New fee schedules, simpler physician licensing, incorporating virtual care into physician training, and national standards for patient access to health information were some of the key recommendations from the final report of the Virtual Care Task Force (VCTF), released Feb 11.
A joint project of the Canadian Medical Association (CMA), the Royal College of Physicians and Surgeons of Canada (Royal College) and the College of Family Physicians of Canada (CFPC), the task force set out to examine the reasons why health care is falling behind other industries in providing digital services and to offer a framework to enable quality virtual care.
“The patient demand is here, the technology exists. We’re hearing from physicians that they want to deliver care more efficiently. This report provides a framework for the national standards, legislation and policy that needs to be put in place to guide and scale up virtual care across Canada.” - Dr. Gigi Osler, Virtual Care Task Force co-chair for the Canadian Medical Association
The task force developed four working groups – interoperability and governance, licensure and quality of care, payment models and medical education – to examine barriers to virtual care, and possible solutions.
Nineteen recommendations were developed, including calls to:
- develop national standards for patient health information access
- support the efforts of the Federation of Medical Regulatory Authorities of Canada to simplify the registration and licensure processes for physicians to provide virtual care across provincial and territorial boundaries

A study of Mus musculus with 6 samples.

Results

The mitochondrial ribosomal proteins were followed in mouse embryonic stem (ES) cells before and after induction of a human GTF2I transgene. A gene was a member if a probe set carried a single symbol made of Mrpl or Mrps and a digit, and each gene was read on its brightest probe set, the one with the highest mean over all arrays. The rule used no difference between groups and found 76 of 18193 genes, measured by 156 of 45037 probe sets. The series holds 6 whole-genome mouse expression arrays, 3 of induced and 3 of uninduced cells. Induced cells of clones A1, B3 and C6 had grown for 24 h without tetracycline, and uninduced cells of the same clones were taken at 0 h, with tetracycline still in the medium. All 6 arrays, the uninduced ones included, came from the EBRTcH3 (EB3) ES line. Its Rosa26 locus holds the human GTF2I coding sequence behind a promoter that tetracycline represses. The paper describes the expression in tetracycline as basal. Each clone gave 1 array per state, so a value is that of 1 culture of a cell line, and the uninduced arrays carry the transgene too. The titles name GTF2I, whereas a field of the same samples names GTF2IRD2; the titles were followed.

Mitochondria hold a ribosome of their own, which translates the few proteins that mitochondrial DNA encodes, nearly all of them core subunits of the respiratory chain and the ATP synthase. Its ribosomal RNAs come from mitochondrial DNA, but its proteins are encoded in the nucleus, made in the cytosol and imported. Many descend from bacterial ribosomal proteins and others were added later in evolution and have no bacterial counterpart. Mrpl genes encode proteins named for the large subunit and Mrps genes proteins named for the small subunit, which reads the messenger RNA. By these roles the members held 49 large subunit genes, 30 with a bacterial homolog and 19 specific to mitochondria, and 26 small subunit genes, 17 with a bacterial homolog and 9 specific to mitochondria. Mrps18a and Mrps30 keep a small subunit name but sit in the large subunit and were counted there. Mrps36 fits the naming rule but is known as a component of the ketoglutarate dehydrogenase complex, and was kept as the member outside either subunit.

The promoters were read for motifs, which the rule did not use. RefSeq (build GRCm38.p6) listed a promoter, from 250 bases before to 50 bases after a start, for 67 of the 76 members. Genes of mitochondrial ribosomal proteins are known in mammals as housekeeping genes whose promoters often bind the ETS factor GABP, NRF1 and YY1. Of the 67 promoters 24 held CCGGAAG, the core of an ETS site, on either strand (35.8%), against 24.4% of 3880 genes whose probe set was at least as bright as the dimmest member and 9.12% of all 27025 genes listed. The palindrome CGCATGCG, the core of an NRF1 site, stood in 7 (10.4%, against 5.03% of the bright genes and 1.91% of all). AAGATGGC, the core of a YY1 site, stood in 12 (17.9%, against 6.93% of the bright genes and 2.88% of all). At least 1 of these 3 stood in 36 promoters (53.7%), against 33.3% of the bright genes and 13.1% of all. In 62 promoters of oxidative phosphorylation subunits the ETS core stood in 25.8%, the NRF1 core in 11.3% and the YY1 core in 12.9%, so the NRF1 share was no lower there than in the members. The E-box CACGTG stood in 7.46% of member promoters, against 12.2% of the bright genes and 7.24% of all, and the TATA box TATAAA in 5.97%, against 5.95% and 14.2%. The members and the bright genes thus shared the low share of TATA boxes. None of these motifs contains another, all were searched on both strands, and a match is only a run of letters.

- encourage provincial and territorial governments and provincial and territorial medical associations to develop fee schedules that are revenue neutral between in-person and virtual encounters
- engage the CanMEDS consortium in incorporating and updating virtual care competencies for undergraduate, postgraduate and continuing professional development learners
- develop a standardized pan-Canadian lexicon for virtual care
In addition to the collaboration between Canada’s three largest physician organizations, the task force included representatives from the medical community, the provincial and territorial medical associations, the medical regulatory bodies, the public and the patient community.
Dr. Ewan Affleck, task force co-chair for the CFPC, says that while the task force report was created through a physician “lens”, it’s intended to be a starting point for future collaborations with nurses, patients, pharmacists and other health care providers.
Task force members were also clear that implementing virtual care is not necessarily about new technology.
“This is about the telephone, this is about text messaging,” explained Dr. Douglas Hedden, task force co-chair for the Royal College. “This is what patients want.”
Without a framework in place for providing quality virtual care, the task force warns there will be further fragmentation in the health care system.
“Canada has fallen behind. If we don’t start to bring this technology into the publicly funded health system, the gaps are only going to widen between those who can access it, and those who can’t,” says Dr. Osler.